How to Dispose of Rock Salt




How Rock Salt Works

When you scatter rock salt over a slippery sidewalk, chemistry is responsible for what happens next. The freezing point of pure water is 32 degrees Fahrenheit, but the freezing point of a salt and water solution is lower. (Exactly how much lower depends on how much salt is used.) So, if the ground temperature is lower than 32 degrees, water will freeze on contact and create ice.


When rock salt is scattered over the ice, the sun's heat or friction from people's feet or car tires melts the ice enough for it to mix with the salt and create slush. The slush has a lower freezing point than pure water and won't turn back into ice unless the temperature drops more.

Rock salt is just one product that municipalities and individuals may use to treat icy roads and walkways in winter. There are a variety of salts that melt ice and snow and are safe for home use. Some people even use their own homemade ice melt to tackle slippery surfaces if they don't have rock salt on hand. While rock salt is generally very effective, other kinds of salt may make ice melt more quickly, so compare all your options before choosing one.


Disposing of Rock Salt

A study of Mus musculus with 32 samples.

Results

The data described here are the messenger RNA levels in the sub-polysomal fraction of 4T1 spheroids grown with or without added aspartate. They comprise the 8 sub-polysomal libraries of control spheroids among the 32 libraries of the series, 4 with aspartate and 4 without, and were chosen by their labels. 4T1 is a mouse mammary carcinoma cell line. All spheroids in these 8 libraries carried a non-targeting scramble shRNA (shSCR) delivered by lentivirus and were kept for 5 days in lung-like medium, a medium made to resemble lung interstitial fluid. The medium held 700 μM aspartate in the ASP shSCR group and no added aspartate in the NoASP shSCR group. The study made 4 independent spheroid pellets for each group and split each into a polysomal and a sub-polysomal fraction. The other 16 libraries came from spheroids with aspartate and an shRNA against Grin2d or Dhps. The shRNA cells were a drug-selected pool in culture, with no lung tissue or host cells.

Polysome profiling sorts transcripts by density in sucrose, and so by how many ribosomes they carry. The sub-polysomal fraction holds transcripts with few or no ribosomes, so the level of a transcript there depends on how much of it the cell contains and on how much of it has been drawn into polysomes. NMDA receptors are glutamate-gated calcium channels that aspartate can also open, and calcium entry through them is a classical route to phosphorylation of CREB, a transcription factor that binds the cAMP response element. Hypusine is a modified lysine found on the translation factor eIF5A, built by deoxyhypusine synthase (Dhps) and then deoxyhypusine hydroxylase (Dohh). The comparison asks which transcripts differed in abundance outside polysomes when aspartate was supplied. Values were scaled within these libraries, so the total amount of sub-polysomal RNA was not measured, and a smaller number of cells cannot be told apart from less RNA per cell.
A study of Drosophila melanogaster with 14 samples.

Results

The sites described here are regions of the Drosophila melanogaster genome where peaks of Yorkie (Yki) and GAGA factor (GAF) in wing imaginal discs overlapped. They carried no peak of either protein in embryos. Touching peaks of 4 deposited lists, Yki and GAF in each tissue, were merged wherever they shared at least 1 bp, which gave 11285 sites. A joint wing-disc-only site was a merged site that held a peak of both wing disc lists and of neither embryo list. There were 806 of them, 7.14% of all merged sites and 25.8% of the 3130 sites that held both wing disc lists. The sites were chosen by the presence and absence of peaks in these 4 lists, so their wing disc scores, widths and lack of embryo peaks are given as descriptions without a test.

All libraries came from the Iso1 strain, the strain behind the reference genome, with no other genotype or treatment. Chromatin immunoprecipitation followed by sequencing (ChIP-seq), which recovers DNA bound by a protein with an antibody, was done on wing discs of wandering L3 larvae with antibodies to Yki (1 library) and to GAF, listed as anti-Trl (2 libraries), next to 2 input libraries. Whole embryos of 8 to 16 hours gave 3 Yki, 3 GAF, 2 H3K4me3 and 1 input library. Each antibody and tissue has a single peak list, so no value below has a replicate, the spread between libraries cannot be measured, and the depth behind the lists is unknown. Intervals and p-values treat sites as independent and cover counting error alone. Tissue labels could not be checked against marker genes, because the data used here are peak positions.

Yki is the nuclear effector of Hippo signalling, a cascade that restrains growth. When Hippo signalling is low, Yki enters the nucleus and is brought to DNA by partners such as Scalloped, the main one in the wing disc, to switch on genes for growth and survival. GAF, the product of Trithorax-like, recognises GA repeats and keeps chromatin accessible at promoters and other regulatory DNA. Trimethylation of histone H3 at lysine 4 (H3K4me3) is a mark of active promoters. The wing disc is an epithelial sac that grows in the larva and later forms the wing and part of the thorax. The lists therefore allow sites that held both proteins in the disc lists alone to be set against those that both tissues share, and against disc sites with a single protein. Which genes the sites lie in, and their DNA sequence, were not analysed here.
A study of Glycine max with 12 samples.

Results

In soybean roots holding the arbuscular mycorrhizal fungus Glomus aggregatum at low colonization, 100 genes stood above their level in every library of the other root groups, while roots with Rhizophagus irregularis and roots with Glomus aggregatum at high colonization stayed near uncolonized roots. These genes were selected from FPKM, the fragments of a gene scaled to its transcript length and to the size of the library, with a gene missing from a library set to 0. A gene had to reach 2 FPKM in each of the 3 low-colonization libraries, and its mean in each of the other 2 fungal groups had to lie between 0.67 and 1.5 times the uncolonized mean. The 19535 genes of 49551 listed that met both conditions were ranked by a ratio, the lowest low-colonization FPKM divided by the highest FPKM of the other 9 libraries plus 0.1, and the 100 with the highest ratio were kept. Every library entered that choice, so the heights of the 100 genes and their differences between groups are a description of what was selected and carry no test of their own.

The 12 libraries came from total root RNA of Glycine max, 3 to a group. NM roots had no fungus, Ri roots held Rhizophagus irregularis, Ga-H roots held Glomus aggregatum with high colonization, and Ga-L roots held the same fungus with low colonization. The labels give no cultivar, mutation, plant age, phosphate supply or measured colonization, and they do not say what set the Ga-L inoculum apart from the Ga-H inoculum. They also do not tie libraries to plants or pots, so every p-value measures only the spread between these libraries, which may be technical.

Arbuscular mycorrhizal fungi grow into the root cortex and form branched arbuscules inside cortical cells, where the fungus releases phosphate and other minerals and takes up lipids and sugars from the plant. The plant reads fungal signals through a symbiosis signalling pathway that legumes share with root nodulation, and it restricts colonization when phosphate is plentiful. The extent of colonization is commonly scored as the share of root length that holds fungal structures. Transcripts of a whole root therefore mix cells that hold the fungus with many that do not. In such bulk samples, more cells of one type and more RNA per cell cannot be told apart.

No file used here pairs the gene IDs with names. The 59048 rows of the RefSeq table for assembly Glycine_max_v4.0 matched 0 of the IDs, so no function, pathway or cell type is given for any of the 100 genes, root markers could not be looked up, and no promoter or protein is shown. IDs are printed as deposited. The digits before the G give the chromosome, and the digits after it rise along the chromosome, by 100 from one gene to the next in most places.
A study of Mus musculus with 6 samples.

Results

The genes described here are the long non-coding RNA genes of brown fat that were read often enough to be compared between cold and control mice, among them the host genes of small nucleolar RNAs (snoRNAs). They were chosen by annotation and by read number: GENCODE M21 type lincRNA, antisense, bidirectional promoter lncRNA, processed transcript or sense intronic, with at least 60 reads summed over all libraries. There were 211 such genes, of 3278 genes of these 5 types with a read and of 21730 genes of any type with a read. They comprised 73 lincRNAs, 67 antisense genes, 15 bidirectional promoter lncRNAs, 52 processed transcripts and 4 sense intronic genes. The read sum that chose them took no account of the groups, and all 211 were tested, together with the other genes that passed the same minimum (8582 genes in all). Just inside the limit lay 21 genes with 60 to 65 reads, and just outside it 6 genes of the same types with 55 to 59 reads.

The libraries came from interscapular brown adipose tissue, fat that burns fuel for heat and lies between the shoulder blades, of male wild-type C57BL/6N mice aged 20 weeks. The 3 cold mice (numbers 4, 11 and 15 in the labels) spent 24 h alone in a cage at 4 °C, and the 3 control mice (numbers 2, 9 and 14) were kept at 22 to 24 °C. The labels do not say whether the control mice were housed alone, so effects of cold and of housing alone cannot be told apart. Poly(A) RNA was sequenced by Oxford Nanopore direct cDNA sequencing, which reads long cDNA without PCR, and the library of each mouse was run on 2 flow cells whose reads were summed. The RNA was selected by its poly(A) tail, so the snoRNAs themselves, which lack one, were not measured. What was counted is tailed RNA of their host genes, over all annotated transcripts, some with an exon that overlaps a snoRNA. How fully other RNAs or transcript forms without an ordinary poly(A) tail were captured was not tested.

Your table salt doesn't expire or go bad. Neither does rock salt, so it's not necessary to dispose of rock salt just because it's old. You can save a sealed container of rock salt for many years, and it will be just as effective when you reopen it as it was when you closed it.

However, if you do want to dispose of leftover rock salt, you can treat it as standard trash. Definitely don't dispose of rock salt by dumping it into your bushes or other vegetation. Salt is devastating to plant life, and pouring salt over an area of land will kill everything that's growing there and make it unlikely that anything will grow there again. Unless your municipality says otherwise, your best bet is to shovel leftover rock salt into a trash bag and put it in your trash cans.


Wear safety gloves and protective eyewear before handling rock salt. It may irritate bare skin, and small pieces may fly into your face as you're moving it from one container to another.

More Uses for Rock Salt

Because rock salt is safe and doesn't expire, you may find another person or organization that wants to take leftover salt off your hands. Look for nonprofits and other cash-strapped organizations that might appreciate free rock salt. Groups that donate household items to low-income families might also be happy to pass along rock salt.


Sometimes, people use rock salt to intentionally kill weeds or other plants they want to destroy, but this isn't advisable. Introducing salt into the soil may damage plants in the surrounding area, and when it rains, the salt in your soil may spread via groundwater and cause damage in neighboring yards. Stick to traditional weed killers that target just the plants you really want to kill.



Kathryn has been a lifestyle writer for more than a decade. Her work has appeared on and many other national websites.